Sunsetting LIBOR: How to Avoid the Elephant Traps

Javier Gutierrez |

The formal end of using the London Interbank Offered Rate (LIBOR) as a risk-free reference interest rate for banks and other financial institutions, in the UK at least, was scheduled for the end of 2021.

It would be reasonable to assume that this would mean it becomes part of banking history. However, in financial services the picture is less cut and dry than one would imagine. The truth about LIBOR is that it isn’t going away, instead, even after this retirement date, it will remain a key metric for many institutions for quite some time.

Part of this complex picture is a result of how regulators across the world have addressed the issue. They might have been tempted to impose a solution on their chartered banks in the past, but they recognized that the widespread use of LIBOR, in a $240tn market, across various business applications – in contracts, instrument pricing, and much else – meant that the most practical option would help the market decide what alternatives were going to be most effective.

To date, several LIBOR-alternatives are in use. In the UK, the Sterling Overnight Index Average (SONIA), which the Bank of England manages, is the preferred option. In Japan, the Tokyo Overnight Average Rate (TONA) is the alternative to Yen LIBOR. SARON, the Swiss Average Overnight Rate, is becoming the standard in Switzerland.


The position broadly across the world is that regulators are expecting their chartered banks to cease referencing LIBOR for new loans in the coming months. In the UK, that date was January 1, 2022. The use of LIBOR will drastically reduce in the upcoming months but will not disappear entirely. This situation creates a range of issues for banks.

Added value of the global standard

The added value of LIBOR was that it was THE global standard, universally accepted by all. The situation is now more fractured, and institutions will need to ensure that everyone involved in a particular transaction understands which reference rate is being used. A reference rate may vary by country, customer, product, or instrument type.

Furthermore, regulators are now expecting that ‘new loans’ will be LIBOR-free. The issue here is, what constitutes a ‘new loan’? Does rolling a loan over without changing its LIBOR-based terms constitute a new loan? What about transactions that form part of a larger LIBOR-based contractual framework? Another issue originates when transactions are initiated outside of the main markets (US, UK, Europe or Japan). Will they remain on LIBOR or use a different reference, in which case, which one?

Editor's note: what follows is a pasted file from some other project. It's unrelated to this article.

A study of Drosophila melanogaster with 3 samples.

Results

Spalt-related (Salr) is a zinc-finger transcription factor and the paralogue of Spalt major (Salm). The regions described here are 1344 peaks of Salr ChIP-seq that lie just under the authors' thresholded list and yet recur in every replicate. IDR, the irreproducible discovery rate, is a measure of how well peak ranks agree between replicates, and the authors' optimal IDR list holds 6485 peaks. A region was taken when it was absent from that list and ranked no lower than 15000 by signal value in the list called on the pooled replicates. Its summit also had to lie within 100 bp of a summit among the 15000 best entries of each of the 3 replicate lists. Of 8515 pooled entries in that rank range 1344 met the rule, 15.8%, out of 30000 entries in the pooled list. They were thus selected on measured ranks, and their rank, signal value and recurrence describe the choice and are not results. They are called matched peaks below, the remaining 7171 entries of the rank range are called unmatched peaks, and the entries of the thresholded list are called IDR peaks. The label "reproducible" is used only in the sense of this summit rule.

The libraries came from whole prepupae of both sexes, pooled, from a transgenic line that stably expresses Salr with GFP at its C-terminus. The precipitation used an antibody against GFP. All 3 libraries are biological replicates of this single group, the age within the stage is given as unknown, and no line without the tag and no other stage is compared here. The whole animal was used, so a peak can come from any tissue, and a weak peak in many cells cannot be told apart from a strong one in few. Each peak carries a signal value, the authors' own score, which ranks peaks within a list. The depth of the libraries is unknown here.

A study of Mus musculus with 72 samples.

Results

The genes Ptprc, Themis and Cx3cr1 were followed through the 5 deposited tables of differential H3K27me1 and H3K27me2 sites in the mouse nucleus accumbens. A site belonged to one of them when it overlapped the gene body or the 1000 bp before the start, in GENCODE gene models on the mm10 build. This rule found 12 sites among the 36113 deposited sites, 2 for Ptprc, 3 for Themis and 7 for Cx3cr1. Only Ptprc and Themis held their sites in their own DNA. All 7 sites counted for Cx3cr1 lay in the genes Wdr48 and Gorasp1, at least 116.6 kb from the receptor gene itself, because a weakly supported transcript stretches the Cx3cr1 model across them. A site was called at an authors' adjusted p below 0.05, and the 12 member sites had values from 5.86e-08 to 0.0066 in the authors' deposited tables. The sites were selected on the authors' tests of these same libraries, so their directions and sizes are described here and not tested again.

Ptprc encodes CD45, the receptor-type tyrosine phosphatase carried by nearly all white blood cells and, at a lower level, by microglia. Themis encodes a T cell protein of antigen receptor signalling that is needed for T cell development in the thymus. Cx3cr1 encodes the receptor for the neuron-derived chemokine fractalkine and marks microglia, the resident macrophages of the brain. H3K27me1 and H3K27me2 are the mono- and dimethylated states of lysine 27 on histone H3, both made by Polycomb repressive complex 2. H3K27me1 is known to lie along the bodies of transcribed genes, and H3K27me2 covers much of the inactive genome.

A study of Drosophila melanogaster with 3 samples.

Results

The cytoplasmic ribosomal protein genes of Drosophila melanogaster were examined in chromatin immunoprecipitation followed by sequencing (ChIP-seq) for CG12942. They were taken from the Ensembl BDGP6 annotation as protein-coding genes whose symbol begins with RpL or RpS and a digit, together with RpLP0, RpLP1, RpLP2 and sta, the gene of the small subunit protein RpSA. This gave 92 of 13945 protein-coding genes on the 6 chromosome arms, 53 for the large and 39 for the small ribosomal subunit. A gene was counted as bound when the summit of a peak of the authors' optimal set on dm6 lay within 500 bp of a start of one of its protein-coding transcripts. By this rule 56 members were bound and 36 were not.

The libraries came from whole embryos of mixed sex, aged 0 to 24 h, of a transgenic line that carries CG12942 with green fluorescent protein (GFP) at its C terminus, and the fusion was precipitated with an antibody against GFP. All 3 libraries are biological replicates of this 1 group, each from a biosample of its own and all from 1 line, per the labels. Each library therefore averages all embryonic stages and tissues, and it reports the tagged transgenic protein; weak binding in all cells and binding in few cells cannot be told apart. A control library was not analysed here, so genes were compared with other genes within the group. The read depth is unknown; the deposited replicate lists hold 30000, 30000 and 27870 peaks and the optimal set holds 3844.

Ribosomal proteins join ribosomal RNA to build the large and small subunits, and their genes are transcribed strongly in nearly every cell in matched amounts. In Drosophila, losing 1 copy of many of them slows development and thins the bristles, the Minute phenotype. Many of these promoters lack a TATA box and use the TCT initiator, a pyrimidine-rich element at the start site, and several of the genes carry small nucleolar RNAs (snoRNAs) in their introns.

In short, while moving away from LIBOR eliminates some issues, it also creates significant operational risk issues for many institutions. Many of them have already invested heavily in identifying and mitigating transactions, contracts, and documentation referencing LIBOR and developing new systems and processes that highlight their preferred LIBOR-alternative. Unfortunately, the number of alternatives to LIBOR, and the continued availability of LIBOR itself, give rise to potential operational risk issues, especially long-tail risks, where exceptions remain after the formal cut-over, ready to catch the unwary.

Using spreadsheets to help capture and manage data

A standard response for busy operation teams to this type of complexity is to use spreadsheets, to help capture and manage data, without waiting for the IT function to tweak their corporate applications to help address the issue. While quick and convenient, these type of spreadsheets have a way of becoming mission-critical very quickly, whether they are used in portfolio management, financial modeling, instrument pricing, or any other application.

These spreadsheets lack change controls and the transparency found in other corporate IT applications, which means that errors and omissions can emerge without anyone realizing until it is too late. Referencing the wrong risk-free interest rate could have profound implications for a transaction or an institution’s reputation. In many ways, spreadsheets are the ideal tool for ad-hoc problems, but only if they are carefully controlled.

How can you carefully control spreadsheets?

Create a spreadsheet inventory

This gives you a foundation for centralizing the way you manage and review your critical spreadsheet estate. An inventory also acts as a repository for the essential documentation needed for defining and controlling your core spreadsheets.

Monitor to minimizes issues

Monitor critical spreadsheets proactively so that any changes made are transparent to all. This minimizes issues involving missing data, flawed calculations and formulas, or stale data.

The Discovery phase

The Discovery phase – is how companies locate mission-critical spreadsheets they need to manage data. The key here is to find the most significant spreadsheets used. These can be defined by a range of parameters, such as who uses a file, how often it is changed, what other applications and data sources it is linked to, and other relevant criteria. Clearly, user input can be included here to refine the search criteria

Mitratech offers a powerful and proven spreadsheet risk management solution that helps mitigate spreadsheet risk. Our solution is used by many of the most demanding institutions in the world. Learn more here.